Helping Grade 2 students improve their literacy is really a high school completion project, say organizers behind Reading College.
With 63 students in their sixth year, Reading College is in full swing again this July. The program, developed by The Foundation for Red Deer Public Schools, identifies struggling readers in Red Deer Public Schools at the end of Grade 2 and gets them reading for the month.
“We know one of the best predictors of high school completion is whether or not a student is reading at grade level by Grade 3,” said Bruce Buruma, the foundation’s executive director.
“If we want to make sure students are going to have a successful school career and we can provide some intervention and some support at this stage, then we improve their chances and their outcomes.”
Literacy skills are built in the program through reading and writing, but Buruma points to increasing student’s motivation to read as key to its success.
“Some of the students are at the point where they’re not enjoying reading, it’s a chore and a struggle,” said Buruma. “ We have the opportunity to inspire them to read.”
The students helped by the program can be as much as a year behind reading level. Buruma said, by keeping them in a “literacy rich environment,” over the summer it can help stave off a summer vacation regression.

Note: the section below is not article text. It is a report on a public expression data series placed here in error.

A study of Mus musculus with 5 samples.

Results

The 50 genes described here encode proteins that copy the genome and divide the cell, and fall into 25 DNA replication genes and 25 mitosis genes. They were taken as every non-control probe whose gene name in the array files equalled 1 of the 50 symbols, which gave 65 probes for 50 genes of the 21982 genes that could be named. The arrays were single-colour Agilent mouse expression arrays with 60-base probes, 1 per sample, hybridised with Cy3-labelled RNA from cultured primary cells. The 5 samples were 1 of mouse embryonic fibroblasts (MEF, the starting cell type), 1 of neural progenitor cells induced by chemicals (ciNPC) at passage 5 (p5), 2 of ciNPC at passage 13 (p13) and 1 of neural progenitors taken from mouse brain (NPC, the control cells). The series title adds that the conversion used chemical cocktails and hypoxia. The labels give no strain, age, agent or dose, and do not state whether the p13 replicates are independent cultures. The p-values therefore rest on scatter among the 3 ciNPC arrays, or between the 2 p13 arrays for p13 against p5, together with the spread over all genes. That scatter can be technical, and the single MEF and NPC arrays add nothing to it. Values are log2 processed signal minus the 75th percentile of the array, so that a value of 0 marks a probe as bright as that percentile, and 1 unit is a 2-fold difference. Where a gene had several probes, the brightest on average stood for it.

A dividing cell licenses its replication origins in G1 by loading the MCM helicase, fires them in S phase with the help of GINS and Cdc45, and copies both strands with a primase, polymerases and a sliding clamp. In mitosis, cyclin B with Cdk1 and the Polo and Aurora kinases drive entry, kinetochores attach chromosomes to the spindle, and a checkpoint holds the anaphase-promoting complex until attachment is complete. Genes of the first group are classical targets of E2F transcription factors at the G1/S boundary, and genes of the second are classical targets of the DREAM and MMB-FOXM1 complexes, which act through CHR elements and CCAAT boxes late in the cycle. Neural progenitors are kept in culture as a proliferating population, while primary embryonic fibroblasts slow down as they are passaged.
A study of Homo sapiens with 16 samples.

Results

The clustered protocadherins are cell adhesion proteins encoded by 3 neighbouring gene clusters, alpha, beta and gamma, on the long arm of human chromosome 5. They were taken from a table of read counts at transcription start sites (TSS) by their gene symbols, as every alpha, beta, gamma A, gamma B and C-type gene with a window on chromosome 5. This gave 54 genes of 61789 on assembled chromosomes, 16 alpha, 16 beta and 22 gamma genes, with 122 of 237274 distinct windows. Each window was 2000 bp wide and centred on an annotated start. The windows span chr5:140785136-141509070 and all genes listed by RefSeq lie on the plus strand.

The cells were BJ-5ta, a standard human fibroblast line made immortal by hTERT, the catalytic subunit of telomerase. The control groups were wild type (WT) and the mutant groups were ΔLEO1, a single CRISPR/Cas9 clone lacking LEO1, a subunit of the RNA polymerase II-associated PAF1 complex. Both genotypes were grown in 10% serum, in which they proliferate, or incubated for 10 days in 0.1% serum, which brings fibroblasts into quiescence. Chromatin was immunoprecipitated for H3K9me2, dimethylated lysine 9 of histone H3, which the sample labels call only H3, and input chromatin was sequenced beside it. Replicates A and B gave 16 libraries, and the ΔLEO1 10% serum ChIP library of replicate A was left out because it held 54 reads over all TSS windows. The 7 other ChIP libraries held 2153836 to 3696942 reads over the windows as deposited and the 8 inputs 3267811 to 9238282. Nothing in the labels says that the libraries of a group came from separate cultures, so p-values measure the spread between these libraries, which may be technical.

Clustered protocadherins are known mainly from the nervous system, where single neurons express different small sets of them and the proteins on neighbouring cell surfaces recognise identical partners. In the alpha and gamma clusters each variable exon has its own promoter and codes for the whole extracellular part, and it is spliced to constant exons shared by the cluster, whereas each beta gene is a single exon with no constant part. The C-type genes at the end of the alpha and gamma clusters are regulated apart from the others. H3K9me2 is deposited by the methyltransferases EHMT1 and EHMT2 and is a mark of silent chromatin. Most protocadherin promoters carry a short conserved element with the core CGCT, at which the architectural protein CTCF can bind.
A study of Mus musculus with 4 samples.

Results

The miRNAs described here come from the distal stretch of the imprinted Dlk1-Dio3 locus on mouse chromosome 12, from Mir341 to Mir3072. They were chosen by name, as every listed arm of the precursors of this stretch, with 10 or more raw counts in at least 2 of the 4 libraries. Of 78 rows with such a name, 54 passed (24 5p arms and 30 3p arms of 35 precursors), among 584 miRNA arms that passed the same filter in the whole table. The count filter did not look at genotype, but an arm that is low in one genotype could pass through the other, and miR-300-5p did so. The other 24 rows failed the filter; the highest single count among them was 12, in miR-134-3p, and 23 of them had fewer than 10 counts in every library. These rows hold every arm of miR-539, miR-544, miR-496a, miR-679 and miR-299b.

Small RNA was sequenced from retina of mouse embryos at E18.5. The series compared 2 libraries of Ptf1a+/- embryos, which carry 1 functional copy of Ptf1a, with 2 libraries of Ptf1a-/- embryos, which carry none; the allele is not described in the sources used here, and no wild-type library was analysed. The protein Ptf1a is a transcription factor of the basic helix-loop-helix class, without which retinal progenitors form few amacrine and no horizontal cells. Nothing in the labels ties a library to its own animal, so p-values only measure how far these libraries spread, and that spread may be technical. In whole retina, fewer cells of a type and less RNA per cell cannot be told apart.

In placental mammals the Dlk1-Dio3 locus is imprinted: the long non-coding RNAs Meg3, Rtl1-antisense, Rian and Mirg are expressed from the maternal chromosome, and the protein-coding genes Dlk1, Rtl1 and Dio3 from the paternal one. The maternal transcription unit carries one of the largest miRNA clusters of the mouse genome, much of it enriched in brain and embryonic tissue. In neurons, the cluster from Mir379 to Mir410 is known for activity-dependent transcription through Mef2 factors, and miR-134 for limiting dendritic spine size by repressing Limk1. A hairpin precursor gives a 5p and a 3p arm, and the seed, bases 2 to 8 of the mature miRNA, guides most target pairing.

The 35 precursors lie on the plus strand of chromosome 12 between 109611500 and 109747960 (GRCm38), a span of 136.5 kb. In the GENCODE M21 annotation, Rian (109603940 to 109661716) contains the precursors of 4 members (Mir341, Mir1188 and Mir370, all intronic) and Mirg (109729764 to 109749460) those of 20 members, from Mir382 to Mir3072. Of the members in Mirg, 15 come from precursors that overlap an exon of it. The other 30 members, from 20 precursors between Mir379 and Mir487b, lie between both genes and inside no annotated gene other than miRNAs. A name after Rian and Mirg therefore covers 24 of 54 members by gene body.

“They have the opportunity to grow over the summer instead of regress,” said Buruma.
Taking into mind that it is summer, there are lots of activities that are fun and literacy related.
“They want to get better,” he said. “They’re still at that age where they’re excited about learning and we want to inspire them. They realize if they could just read better then school would be a better experience for them, they’d learn more and be a better student.”
Students are bused in daily to Red Deer College for the program. From 9 a.m. to 3 p.m. they teach reading, writing and phonics in different ways, all aimed at getting students excited about reading. During the day they are provided with breakfast, lunch and snacks.
Buruma said the program is made possible through community contributions. The Optimist Clubs of Central Alberta have been the founding sponsor, the Smile Cookie Campaign and some endowments have been established through the Chapman and Turple families.